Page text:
December 7, 2022
Ithaca, NY | 49°F


Monáe headlines lively concert

Janelle Monáe
R&B artist Janelle Monáe energizes fans Oct. 2 in a performance in Cornell University’s Barton Hall. Stacey Lawrence/The Ithacan

Grammy-nominated R&B artist Janelle Monáe headlined with special guest Fun. on Sunday in Cornell University’s Barton Hall, transforming the gloomy, drizzly Ithaca night into a lively evening with a blend of genres and upbeat performances.

Timothy Bloom, a young R&B artist, opened the show with a wide vocal range in his sensual, soulful melodies. Initially, the crowd seemed calm and disinterested, as evidenced by its stillness, but when Bloom belted out “Til the End of Time,” an emotional, slow tempo duet with talented female singer V. Bozeman, their impressive harmonization left showgoers applauding in support. The duo’s powerful, passionate chemistry and romantic lyrics, along with imaginative melodies and strong chord progressions, made the performance truly engaging.

Indie pop band Fun., the show’s second act, emerged on stage at the cue of a foghorn, immediately grabbing the audience’s attention. Lead vocalist Nate Ruess set a feel-good tone by constantly jumping around and singing lighthearted, catchy tunes, such as “All the Pretty Girls” and “We Are Young.” Ruess’s smooth vocals were showcased in the high-energy song “Barlights,” as the lyrics “I Feel Alive” echoed through the hall. Then, diminishing instrumentals highlighted his soaring, tenor voice. Each song maintained an upbeat mood with harmonious choruses and poetic lyrics that focused on the struggles of maturation.

While the crowd members danced to the music, they were hesitant when Ruess attempted to get everyone to clap and sing along several times. The audience only cooperated halfheartedly and the energy died down moments later. As the band constantly danced to the beat, they projected a high energy level that the audience failed to live up to. Fun.’s performance was enigmatic and high-spirited, but became tiresome and overwhelming as each song seemed to blend together by the end. The audience was anxious to see the headliner after enduring two opening acts.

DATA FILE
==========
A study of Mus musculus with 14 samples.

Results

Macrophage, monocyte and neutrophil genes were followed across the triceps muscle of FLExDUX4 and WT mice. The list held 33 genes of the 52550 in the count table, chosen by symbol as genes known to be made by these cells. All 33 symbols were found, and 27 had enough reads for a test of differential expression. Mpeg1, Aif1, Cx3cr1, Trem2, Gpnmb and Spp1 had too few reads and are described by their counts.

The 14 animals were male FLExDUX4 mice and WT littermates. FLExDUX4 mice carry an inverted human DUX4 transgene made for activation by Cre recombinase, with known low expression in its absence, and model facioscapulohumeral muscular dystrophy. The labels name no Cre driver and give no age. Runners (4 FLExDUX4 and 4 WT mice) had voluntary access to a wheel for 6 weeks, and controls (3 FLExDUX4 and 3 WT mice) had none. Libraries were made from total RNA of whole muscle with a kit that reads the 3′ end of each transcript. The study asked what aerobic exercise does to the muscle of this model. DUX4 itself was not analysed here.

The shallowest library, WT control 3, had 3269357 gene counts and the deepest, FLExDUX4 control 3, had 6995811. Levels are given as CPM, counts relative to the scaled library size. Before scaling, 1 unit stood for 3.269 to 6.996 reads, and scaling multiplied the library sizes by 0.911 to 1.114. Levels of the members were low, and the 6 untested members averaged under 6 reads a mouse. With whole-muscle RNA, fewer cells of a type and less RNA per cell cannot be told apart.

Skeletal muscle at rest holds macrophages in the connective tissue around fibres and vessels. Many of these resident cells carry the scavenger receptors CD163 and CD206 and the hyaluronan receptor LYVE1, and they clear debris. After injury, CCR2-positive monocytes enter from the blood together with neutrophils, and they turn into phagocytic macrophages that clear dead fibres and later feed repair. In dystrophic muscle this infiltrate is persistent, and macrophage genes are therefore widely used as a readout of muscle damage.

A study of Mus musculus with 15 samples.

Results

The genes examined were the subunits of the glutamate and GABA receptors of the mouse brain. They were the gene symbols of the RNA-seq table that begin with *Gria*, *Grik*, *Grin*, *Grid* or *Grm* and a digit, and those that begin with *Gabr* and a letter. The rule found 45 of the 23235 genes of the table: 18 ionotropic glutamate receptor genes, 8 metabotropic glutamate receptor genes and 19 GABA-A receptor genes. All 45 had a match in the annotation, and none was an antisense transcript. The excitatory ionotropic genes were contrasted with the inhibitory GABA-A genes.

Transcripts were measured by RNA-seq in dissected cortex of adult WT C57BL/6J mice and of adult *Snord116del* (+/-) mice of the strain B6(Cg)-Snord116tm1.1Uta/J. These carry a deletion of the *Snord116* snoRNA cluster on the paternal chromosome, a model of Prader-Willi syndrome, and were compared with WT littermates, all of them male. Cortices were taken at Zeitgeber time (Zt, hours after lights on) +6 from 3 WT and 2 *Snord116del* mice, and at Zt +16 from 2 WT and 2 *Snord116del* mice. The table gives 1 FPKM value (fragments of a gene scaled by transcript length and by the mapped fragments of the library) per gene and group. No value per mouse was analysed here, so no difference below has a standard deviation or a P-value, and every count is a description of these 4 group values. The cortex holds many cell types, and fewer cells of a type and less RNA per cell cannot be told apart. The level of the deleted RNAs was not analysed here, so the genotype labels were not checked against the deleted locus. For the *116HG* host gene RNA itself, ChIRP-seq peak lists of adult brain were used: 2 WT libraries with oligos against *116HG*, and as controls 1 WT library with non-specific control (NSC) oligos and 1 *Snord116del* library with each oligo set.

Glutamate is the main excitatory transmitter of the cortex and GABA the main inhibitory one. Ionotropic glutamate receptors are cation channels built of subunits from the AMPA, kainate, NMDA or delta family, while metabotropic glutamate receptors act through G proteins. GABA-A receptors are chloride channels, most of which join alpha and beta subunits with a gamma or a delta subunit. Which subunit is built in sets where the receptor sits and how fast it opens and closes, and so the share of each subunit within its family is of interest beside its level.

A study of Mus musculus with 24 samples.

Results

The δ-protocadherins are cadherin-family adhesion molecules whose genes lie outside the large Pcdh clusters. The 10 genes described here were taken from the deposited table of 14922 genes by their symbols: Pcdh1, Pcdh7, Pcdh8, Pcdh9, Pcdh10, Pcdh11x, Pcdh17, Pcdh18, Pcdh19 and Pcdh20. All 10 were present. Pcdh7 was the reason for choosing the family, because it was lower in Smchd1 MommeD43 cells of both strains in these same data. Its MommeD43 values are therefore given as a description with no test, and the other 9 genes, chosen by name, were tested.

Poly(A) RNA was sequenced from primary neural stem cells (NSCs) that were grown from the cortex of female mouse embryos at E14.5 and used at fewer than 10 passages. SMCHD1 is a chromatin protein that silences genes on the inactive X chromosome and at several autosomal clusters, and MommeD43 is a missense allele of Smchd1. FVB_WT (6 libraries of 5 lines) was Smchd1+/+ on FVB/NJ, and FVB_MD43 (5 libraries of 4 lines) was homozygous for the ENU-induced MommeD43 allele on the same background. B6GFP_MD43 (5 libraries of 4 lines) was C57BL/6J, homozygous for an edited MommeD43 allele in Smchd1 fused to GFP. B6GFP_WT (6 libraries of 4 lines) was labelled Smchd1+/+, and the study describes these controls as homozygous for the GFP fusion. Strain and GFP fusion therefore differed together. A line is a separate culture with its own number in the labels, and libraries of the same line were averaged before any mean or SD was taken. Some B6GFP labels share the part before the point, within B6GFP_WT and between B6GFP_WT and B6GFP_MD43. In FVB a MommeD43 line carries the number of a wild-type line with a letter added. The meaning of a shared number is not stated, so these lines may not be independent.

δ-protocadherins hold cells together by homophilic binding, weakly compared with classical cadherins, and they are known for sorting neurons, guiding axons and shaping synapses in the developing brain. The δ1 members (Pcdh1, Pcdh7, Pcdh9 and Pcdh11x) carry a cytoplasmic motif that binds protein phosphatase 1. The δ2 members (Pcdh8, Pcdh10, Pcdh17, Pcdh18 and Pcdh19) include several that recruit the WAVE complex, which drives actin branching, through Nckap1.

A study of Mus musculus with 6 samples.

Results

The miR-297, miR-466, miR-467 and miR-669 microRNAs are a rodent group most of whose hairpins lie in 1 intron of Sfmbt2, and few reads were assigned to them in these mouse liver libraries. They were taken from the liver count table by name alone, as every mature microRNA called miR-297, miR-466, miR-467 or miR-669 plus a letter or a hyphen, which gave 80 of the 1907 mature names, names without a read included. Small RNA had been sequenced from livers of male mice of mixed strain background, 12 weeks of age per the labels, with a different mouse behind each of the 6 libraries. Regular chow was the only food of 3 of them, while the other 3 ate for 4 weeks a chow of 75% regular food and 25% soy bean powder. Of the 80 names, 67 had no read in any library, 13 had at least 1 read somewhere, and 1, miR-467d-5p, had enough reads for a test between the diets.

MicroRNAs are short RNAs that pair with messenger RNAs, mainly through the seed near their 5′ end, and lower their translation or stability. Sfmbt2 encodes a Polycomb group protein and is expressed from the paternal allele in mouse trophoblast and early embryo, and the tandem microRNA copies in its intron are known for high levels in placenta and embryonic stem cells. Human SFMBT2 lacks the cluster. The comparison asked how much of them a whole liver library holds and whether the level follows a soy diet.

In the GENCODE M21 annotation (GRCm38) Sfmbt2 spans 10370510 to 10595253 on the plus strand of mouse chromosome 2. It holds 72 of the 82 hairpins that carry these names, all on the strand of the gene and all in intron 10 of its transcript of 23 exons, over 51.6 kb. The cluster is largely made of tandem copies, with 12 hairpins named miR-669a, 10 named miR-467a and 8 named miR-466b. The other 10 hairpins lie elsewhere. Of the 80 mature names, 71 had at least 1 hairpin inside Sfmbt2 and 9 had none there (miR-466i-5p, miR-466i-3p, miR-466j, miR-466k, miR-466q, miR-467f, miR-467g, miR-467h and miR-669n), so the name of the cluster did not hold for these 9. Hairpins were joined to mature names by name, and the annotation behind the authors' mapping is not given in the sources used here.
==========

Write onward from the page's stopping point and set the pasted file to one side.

When it came time for the final act to take the stage, lights dimmed and thematic string music faded in, stimulating colorful visuals on the screen. A spotlight highlighted three hooded figures on central stage, who then stepped aside to reveal Monáe sporting her iconic black and white feminine suit and gumbo hairstyle.

Opening with the energetic number “Dance or Die,” her performance was highly stylized and expressive, featuring elaborate footwork that emulated Michael Jackson with an array of dizzying twirls. She masterfully belted out original R&B numbers like “Faster” and “Cold War,” in addition to her own interpretation of Prince’s “Take Me with You” and a chilling cover of Jackson 5’s “I Want You Back.” Monáe’s overall performance illustrated her inventive talent, style and invigorating personality, which makes this particular performance a spectacle, not a simple concert.

After a four-song encore, Monáe’s set came to an explosive conclusion with her anthem, “Come Alive.” Balloons floated overhead while almost everyone on stage and in the crowd — including the ensemble — lowered to the ground as the music slowed down and then immediately jumped up as the singer instructed them to “come alive.”

Even though opening acts Timothy Bloom and Fun. showcased undeniable talent, Janelle Monáe spread her infectious energy like wildfire and made the dull night a high-energy success.